A grass-roots campaign by UC Merced students to bring first lady Michelle Obama to campus has paid off.
Obama will deliver the keynote speech at the graduation of the first four-year class at the university, the White House confirmed Friday morning.
Efferman Ezell, who is graduating this year with a degree in psychology, organized the "Dear Michelle" campaign with other student leaders a few weeks after the presidential inauguration.
The group sent more than 900 handwritten Valentine's Day cards, created a YouTube video and wrote personal letters to the Obama family's inner circle.
Ezell said he found out that the student proposal was being considered a couple weeks ago when the White House contacted the student government office's main phone number.
Given their busy student schedules, no one from UC Merced got back to Obama's office until Desiree Rogers happened to call back when Ezell was in the office.
"They said they got the letter, thank you, and that they would see what they could do," he remembered. "I was so excited, I forgot to ask for (the caller's) name."
He got that bit of information later when Rogers, the White House social secretary, called Ezell's cell phone. He didn't answer then either, because the number popped up as "unknown" and he was giving prospective students a tour of the 104-acre campus. Rogers left a message, Ezell said.
He now laughs at the thought that he missed so many phone calls from the White House, but the gravity of the situation doesn't escape him.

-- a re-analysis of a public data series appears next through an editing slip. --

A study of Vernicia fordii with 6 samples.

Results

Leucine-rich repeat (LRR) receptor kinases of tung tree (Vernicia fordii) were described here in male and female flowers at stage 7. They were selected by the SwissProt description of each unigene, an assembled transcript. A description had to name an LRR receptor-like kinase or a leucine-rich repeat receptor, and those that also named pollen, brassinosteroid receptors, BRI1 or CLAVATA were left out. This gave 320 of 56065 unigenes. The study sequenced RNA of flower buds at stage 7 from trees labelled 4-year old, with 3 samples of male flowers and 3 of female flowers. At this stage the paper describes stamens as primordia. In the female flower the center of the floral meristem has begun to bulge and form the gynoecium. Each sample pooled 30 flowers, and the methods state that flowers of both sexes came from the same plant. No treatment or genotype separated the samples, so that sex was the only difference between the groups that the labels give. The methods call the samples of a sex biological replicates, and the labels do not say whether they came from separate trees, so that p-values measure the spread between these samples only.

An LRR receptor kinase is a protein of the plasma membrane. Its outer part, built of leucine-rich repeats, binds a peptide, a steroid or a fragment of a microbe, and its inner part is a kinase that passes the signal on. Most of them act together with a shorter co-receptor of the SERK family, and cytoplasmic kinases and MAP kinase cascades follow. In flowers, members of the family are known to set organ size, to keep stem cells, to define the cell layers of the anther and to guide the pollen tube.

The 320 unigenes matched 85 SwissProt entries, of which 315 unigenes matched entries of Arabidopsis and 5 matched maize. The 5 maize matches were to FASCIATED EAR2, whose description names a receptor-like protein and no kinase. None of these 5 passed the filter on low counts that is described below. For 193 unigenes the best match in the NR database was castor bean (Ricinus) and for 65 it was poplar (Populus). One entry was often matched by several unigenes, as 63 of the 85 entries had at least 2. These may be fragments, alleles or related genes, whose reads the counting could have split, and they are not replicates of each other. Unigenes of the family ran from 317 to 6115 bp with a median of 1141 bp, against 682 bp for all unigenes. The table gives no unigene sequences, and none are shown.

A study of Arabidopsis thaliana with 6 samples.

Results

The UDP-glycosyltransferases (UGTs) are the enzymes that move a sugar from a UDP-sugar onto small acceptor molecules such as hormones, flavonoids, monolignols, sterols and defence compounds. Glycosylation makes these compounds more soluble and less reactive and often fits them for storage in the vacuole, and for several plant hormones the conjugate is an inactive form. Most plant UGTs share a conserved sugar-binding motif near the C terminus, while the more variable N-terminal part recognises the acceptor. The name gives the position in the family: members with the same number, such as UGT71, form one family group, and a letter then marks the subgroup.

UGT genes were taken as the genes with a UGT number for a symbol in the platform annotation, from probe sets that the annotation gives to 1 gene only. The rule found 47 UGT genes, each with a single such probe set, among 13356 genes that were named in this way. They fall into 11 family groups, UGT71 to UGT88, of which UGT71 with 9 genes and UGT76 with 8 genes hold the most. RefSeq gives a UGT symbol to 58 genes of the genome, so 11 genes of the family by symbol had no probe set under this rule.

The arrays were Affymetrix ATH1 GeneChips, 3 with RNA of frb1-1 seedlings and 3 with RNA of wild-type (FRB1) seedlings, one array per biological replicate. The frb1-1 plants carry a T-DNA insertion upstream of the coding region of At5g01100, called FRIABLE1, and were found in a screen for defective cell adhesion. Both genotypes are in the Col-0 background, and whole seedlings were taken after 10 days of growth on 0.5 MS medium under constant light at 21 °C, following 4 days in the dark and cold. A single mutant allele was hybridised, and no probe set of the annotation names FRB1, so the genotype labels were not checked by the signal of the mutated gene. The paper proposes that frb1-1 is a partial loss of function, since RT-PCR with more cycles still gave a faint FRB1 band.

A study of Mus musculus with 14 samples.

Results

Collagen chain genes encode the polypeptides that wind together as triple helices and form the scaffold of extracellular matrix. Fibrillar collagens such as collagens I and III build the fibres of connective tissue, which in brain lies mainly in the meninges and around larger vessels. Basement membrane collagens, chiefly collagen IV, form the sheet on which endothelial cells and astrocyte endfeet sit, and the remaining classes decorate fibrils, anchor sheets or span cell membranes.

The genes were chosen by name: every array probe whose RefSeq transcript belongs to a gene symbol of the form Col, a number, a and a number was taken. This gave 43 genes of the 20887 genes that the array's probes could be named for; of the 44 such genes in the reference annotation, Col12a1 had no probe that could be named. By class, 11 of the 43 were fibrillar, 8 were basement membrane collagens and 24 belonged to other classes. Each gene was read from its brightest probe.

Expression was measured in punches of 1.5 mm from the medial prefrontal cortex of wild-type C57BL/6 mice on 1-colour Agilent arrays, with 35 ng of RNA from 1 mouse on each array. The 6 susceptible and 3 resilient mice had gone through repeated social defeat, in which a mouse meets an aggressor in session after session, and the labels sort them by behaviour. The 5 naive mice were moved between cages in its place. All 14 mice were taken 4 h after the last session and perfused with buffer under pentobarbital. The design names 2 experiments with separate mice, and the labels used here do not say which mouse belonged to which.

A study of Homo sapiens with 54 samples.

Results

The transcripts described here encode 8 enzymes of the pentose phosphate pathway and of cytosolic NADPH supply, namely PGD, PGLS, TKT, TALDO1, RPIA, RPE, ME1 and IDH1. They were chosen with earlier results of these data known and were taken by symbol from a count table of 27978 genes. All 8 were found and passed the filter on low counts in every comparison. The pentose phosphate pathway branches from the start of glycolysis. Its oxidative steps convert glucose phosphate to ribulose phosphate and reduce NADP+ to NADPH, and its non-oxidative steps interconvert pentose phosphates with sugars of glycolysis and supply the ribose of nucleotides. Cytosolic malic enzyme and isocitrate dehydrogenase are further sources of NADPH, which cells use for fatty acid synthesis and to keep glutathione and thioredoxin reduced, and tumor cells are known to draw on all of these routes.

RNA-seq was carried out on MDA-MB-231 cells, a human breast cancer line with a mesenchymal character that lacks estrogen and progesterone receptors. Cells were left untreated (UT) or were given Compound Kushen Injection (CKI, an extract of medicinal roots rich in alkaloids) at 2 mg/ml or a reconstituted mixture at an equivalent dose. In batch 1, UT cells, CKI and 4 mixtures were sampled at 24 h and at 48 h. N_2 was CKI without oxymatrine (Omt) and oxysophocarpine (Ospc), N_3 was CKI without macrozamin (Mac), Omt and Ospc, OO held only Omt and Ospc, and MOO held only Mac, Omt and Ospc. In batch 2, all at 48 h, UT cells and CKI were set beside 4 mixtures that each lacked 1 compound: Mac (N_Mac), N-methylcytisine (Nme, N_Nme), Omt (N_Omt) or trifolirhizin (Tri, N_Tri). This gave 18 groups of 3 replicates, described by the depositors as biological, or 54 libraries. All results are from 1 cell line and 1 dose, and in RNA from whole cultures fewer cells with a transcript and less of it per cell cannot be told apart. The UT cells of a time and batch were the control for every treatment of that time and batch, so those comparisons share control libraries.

"It's going to mean a lot to a lot of people. It will be different for everybody," Ezell said. "Words can't really explain it. It really is a great feeling."
The students had other campaign events in mind, including a plan to break world records and then dedicate the feats to Michelle Obama. Those plans never got off the ground because Ezell never dreamed the student organizers would hear back so quickly.
"We were all touched by the students' campaign," Semonti Mustaphi, the first lady's deputy press secretary, said Friday. "It was very sweet."
Mustaphi estimated the first lady's office has, so far, received roughly 50 letters as part of the UC Merced campaign. These included letters sent by students as well as from the students' family members.
Because of security precautions that include irradiating letters, Mustaphi added that the first lady's office may not yet have received all of the letters that were sent.
Mustaphi declined to say how many other commencement speech invitations were received.
"This does go along with Mrs. Obama's background," Mustaphi said. "She really likes to connect with students who are passionate."
The fact that the UC Merced class of 2009 is the first full class to graduate from the new university was another part of the appeal, Mustaphi added.
"The first lady is looking forward to speaking to students and their families who have worked so hard to achieve this milestone," Mustaphi said.
A graduate of Princeton University and Harvard Law School, Michelle Obama formerly worked for the University of Chicago and with a Chicago program that prepares youth for public service.
Mustaphi added that "the date is still a little far out" for the first lady's office to know whether she will be doing other Merced events beyond delivering the commencement address.
The first lady has been confirmed for one other commencement address this year at Washington Mathematics Science Technology Public Charter, in Washington D.C., Mustaphi said.